One of Economic’s great mysteries has long been the lack of measurable productivity growth in America. Whenever we look at this issue, three likely possibilities seem to fall into one of categories:
1. Its a measurement issue;
2. Productivity varies so greatly from sector to sector, our personal views are skewed;
3. The real economy is actually failing to become more productive;
My starting point was we can’t find productivity gains due to our outdated methodology of measuring productivity — a legacy from earlier industrial era. And of course, the 3rd options is a non-starter. However, I will admit to recognizing my own bias as a white collar worker in various services industries — finance, publishing, radio/podcasting — has altered my perspective due to the massive productivity gains in those sectors.
Which makes the past few months of outsized productivity gains even more fascinating fodder for discussion. Consider the details from the latest Bureau of Labor Statistics release* on Productivity:
-Nonfarm labor productivity increased 4.6% in Q3 2020
-Output increased 43.4%
-Hours worked increased 37.1%
-Nonfarm labor productivity increased 10.6% in Q2 2020
-Unit labor costs decreased at an annual rate of 6.6% in Q3 2020 (hourly compensation fell 2.3%;
-Trailing 4 quarters productivity increased 4.o%, reflecting a 3.4%-decline in output and a 7.1% decline in hours worked.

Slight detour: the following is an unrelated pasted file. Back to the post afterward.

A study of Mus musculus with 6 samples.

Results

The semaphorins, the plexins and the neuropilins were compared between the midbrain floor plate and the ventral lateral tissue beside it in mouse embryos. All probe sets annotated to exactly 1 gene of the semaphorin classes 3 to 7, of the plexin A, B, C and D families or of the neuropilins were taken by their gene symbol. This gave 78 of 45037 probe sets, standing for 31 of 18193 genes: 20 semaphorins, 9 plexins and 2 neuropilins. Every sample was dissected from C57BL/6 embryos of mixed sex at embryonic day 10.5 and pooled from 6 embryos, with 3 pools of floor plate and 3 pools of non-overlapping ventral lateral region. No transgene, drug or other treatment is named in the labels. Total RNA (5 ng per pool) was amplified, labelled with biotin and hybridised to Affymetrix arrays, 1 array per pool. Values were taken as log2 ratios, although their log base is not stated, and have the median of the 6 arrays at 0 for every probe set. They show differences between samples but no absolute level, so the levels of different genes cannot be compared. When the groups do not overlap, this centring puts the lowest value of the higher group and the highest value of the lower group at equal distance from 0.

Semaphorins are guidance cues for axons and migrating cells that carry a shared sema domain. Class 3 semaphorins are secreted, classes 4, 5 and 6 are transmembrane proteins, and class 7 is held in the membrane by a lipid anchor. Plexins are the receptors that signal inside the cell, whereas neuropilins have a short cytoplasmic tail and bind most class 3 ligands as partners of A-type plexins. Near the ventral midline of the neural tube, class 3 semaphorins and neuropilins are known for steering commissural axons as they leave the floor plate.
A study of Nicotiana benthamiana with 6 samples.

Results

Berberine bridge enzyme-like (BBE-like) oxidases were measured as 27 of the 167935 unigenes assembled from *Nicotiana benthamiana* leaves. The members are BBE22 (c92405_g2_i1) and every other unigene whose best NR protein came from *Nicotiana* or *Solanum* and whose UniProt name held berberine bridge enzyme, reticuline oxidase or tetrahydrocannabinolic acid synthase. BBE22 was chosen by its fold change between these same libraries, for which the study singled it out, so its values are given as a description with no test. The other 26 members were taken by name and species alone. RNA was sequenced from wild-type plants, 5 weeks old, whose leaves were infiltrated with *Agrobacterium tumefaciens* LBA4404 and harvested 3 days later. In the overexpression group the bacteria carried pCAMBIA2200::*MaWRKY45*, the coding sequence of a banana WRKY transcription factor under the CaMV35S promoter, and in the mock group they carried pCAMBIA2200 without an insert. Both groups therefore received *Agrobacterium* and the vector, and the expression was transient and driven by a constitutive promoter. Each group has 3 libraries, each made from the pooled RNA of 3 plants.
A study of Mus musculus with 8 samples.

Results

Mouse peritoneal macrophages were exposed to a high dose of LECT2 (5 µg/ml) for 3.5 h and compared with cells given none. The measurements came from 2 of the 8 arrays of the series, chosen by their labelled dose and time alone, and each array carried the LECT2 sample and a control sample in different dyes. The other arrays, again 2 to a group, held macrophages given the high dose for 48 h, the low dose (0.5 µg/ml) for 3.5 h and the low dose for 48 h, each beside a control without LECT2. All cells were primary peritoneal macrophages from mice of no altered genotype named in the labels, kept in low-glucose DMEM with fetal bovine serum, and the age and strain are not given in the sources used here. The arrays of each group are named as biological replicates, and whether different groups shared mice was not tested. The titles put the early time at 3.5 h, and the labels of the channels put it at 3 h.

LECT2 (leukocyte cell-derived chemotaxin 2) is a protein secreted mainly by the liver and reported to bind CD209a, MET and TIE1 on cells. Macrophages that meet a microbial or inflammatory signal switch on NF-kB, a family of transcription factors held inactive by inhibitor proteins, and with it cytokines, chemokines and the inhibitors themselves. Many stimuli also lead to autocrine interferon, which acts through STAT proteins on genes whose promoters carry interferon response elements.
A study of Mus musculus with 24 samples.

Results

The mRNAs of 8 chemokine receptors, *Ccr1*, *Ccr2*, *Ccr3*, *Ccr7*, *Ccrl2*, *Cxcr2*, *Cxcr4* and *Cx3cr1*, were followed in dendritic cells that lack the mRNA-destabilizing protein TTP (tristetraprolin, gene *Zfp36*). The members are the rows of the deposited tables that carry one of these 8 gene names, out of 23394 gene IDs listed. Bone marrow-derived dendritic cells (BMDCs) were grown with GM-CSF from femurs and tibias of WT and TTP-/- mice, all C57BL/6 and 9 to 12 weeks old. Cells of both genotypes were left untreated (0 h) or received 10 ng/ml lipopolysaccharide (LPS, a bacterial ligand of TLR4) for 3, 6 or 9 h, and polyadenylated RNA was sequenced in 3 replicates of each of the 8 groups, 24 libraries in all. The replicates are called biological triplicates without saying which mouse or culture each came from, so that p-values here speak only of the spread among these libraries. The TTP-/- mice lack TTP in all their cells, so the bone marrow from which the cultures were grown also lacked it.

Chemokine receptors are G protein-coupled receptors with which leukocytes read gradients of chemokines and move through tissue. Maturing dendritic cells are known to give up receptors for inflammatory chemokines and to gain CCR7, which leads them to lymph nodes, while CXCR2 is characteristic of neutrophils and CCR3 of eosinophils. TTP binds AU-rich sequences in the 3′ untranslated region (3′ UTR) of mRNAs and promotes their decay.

One of the accidental results of the pandemic lockdown was the creation of a natural experiment in productivity ( calculated by dividing an index of real output by an index of hours worked by all persons).
Consider: Those who could work from home using technology like computers/broadband did so. These are primarily services industry workers who might have previously had lots of personal contacts — from sales to therapists — but could adapt to current circumstances via software like Zoom, Slack, Hangout, Facetime, etc. These same people no longer had to commute to the office, or do lots of little time killing errands related to work. Instead, they were practically on call 24/7, and able to work continuously during lockdown. They are the top right arm of the K, and their productivity levels likely went up quite significantly.
The sectors that were hit hardest by lockdown include those who work face to face: Think retail, food service, hospitality, travel, healthcare etc. So many people in these sectors lost their jobs; even with the recovery many are still unemployed. These seem to be the people in the bottom right arm of the K, These the sectors have proven very resistant to productivity gains.
Note: It is hard to know for sure given the massive spike in unemployment and the subsequent massive (yet still incomplete) recovery. But it makes the sector thesis of missing productivity that much more likely.
This chart below raises this question of a corollary to the impact of divergent productivity by sector on long-term increasing income (and wealth) inequality. Asked differently, is widening inequality a function of differing sector-by-sector productivity gains? Are the white collar professional tech enabled jobs leaving the services industry far behind?
The K-Shaped Recovery (September 4, 2020)
Productivity Puzzle Becomes More Complicated (November 2, 2016)
Why Can’t We Find Productivity Gains? (April 4, 2016)
The compensation-productivity gap: a visual essay
Susan Fleck, John Glaser, and Shawn Sprague
Monthly Labor Review • January 2011
* All quarterly percent changes in this release are seasonally adjusted annual rate.